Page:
Golden Atlas Cedar
Cedrus atlantica 'Aurea'
Golden Atlas Cedar
(Photo courtesy of NetPS Plant Finder)
Height: 50 feet
Spread: 40 feet
Hardiness Zone: 5b
One of the most valuable landscape trees for its unique beauty with a wide, spreading habit and golden needles, incredibly stately when mature; leave a very large open space for this tree to reach its peak value in maturity
Golden Atlas Cedar has attractive gold foliage. The needles are highly ornamental and remain gold throughout the winter. Neither the flowers nor the fruit are ornamentally significant.
Golden Atlas Cedar is an open evergreen tree with a strong central leader and a stunning habit of growth which features almost oriental horizontally-tiered branches. Its average texture blends into the landscape, but can be balanced by one or two finer or coarser trees or shrubs for an effective composition.
This is a relatively low maintenance tree, and usually looks its best without pruning, although it will tolerate pruning. Deer don't particularly care for this plant and will usually leave it alone in favor of tastier treats. It has no significant negative characteristics.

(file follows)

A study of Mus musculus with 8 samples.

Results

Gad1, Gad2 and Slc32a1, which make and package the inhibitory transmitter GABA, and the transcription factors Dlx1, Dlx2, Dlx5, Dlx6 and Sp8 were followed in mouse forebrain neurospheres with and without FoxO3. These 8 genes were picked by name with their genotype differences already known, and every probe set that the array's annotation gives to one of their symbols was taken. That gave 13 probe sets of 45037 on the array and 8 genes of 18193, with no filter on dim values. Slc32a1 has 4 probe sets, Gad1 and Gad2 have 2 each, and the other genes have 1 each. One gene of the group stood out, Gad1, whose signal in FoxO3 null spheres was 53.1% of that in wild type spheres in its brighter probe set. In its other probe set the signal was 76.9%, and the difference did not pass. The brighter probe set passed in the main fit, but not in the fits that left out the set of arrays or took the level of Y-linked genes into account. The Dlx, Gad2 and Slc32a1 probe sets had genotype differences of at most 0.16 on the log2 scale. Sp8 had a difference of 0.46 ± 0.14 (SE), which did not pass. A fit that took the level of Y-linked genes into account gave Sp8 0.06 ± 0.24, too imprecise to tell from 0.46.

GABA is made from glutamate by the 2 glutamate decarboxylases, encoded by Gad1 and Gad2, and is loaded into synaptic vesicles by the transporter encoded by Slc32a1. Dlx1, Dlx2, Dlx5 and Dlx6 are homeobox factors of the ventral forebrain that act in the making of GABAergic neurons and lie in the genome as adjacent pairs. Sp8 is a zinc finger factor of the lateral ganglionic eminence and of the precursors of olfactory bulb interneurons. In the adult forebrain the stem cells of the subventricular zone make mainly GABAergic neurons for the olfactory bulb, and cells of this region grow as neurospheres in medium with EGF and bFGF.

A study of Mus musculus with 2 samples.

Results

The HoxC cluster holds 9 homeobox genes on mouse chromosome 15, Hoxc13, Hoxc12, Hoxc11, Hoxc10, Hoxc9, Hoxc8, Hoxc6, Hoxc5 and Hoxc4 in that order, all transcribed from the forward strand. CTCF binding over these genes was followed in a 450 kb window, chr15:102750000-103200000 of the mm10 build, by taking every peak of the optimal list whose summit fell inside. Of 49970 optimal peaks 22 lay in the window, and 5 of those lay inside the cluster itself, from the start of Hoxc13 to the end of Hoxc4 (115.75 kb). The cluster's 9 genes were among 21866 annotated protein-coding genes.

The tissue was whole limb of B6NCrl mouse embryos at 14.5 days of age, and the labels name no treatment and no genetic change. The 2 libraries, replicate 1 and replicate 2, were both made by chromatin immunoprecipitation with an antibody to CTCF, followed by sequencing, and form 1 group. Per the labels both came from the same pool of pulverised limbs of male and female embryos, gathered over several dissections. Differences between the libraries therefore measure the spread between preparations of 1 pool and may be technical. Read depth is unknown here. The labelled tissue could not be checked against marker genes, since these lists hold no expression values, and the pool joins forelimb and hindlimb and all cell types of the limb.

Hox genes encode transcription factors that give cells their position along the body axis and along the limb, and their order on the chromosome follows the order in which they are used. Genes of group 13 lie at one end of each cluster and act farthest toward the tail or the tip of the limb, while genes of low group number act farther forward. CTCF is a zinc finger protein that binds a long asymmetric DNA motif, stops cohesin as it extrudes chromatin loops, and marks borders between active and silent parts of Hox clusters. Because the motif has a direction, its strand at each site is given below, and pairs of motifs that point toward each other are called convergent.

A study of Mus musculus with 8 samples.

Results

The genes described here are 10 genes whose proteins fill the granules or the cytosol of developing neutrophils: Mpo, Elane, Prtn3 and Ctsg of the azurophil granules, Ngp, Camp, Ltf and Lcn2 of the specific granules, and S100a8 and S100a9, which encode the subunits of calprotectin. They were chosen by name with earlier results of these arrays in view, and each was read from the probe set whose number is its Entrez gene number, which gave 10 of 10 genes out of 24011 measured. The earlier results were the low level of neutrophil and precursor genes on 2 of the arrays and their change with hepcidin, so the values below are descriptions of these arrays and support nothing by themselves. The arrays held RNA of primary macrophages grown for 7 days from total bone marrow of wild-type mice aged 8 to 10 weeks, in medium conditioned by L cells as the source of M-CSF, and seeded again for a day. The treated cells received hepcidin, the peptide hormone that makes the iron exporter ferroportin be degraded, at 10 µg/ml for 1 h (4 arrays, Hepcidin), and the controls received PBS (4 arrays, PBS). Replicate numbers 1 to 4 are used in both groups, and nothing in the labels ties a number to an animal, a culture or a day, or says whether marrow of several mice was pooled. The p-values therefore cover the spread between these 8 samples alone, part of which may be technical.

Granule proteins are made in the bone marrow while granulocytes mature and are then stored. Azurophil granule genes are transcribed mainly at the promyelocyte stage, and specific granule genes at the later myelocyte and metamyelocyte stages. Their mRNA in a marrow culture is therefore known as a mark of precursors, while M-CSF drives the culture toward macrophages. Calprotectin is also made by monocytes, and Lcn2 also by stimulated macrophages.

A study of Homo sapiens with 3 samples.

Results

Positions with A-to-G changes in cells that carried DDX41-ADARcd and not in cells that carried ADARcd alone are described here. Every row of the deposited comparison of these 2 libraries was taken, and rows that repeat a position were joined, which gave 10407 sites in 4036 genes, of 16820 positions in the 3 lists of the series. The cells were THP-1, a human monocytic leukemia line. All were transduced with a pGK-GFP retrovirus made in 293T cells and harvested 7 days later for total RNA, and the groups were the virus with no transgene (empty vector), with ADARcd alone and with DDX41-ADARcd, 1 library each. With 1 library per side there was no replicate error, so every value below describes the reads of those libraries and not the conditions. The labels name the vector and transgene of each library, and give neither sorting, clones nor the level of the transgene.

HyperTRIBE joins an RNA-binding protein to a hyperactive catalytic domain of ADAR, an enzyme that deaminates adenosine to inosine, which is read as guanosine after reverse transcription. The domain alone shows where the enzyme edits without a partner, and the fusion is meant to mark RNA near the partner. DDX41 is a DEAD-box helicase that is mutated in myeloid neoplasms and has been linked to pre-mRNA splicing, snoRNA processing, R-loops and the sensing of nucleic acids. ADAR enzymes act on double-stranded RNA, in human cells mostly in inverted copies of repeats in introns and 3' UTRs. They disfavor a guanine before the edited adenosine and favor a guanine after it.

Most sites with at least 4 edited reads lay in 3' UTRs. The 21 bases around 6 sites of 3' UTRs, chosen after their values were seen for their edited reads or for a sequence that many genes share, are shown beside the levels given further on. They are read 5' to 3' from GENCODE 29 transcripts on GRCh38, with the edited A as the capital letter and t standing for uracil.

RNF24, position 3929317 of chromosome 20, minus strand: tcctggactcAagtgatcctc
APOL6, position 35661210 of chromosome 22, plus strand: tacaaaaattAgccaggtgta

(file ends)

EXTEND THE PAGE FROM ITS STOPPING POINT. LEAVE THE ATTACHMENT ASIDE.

Golden Atlas Cedar is recommended for the following landscape applications;
- Vertical Accent
Planting & Growing
Golden Atlas Cedar will grow to be about 50 feet tall at maturity, with a spread of 40 feet. It has a low canopy with a typical clearance of 5 feet from the ground, and should not be planted underneath power lines. It grows at a slow rate, and under ideal conditions can be expected to live for 80 years or more.
This tree should only be grown in full sunlight. It is very adaptable to both dry and moist growing conditions, but will not tolerate any standing water. It is not particular as to soil type or pH. It is somewhat tolerant of urban pollution, and will benefit from being planted in a relatively sheltered location. Consider applying a thick mulch around the root zone in winter to protect it in exposed locations or colder microclimates. This is a selected variety of a species not originally from North America.